Like previous yearend holidays, 2012 ended with a lot of feasting across different nations and continents. The menu varied from national favourite dishes to traditional yearend holiday food ranging from pasta to fresh fruit.
Food experts and observers share their outlook for the gastronomic world in 2013.
Global marketing group JWT released on Thursday its yearly Things to Watch list that had seven items as its 2013 food trends as follows:
1. Food sharing - Swapping of home cooked meals with others with the aid of technology.
2. Faux meat - Availability of more meat substitutes for people who are health or budget conscious.
3. Mid-calorie foods - Offers reduced calories but taste would not be compromised.
4. Menu-free dining - Being able to order at a restaurant whatever you want.
5. Allergen-free foods - Facilities would make available food free of allergens to dairy products and peanuts.
6. Yoghurt shops - Non-frozen yoghurt with healthy toppings.
7. Vegan babies - The trend among vegan parents to raise their children on vegan diet.
The Vegetarian Butcher, a Dutch restaurant which led the faux meat trend, is spreading the movement in different countries. Spoon's Vegetarian Butcher in Sydney, for instance offers replacement chicken, sausage, burger and schnitzel products, while Bo se Trai, an eatery in Footscray run by Buddhist monks, serves mock meat and seafood.
For online shared meal cooperative service, there are already the Mealku in New York and Super Marmite in Paris, and similar establishments are expected to open in other global cities. The service connects home cooks with other home chefs and the service is popular among single people and couple households who have a lot of leftovers or cook more than they need.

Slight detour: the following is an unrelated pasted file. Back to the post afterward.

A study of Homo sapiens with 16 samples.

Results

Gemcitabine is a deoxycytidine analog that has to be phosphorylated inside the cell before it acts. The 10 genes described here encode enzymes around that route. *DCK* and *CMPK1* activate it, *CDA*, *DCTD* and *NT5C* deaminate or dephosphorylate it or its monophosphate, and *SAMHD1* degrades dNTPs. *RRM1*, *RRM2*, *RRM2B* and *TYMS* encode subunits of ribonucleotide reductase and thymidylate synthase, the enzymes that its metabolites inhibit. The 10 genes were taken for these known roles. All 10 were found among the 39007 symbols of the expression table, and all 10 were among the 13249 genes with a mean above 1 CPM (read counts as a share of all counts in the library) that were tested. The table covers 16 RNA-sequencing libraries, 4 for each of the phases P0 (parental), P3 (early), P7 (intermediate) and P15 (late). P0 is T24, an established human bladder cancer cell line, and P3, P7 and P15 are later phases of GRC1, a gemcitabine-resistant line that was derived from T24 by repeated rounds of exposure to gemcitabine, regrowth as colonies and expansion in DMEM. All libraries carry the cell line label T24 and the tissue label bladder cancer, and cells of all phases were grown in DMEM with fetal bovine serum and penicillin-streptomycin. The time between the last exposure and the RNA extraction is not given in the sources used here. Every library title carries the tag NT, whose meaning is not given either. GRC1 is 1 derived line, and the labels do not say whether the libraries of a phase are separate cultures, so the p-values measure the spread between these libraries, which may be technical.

Judy Hervdegs and Bill Haley, contributors to the Chicago Tribune, has the following 12 food trends for 2013:
1. Heirloom chicken - Similar to the heirloom turkey and heirloom pig trend of the past, with the possible emergence of high-quality fast-casual restaurants that specialises in chicken meals. One example is Bantam & Biddy in Atlanta.
2. More veggies - Kale, a form of cabbage with green or purple leaves, best in frozen salad, is said to be the veggie to look out for. It is used in Dutch, Irish, Chinese, Vietnamese and Vietnamese recipes. The in fruit would be baobab, which has vitamin C, fibre and calcium.
3. Regional cooking - More of local, seasonal and distinctive regional styles of cooking.
4. Techno shopping - The purchase of food items from groceries using technological devices and apps.
5. Greek yogurt - Consists of dressings, dips, sauces, smoothies, soda and cheesecakes with Mediterranean ingredient garnishes.
6. Noodling - Udon, soba, cellophane and rice noodles in layered bowls with fragrant soups and mixed-textured salads.
7. Tummy time - Avoiding harmful substances and shifting to beneficial ones, particularly those that would benefit a person's digestive health such as gluten or probiotics.
8. Molecular gastronomy - Focuses on physical and chemical transformation of ingredients that occur while cooking.
9. High-end Bordeaux - This item will be out because of its astronomical price.
10. Fast-food favourites - Mini-burgers, Korean tacos and fancy cupcakes which will remain popular among foodies.
11. Packing the pantry - Due to the economic downturn, people used their stocks. This year is the time to restock the pantry.
12. Liquid sugar - Lower sales for sugar-laden sodas and fruit juices, except for freshly squeezed/pressed juices.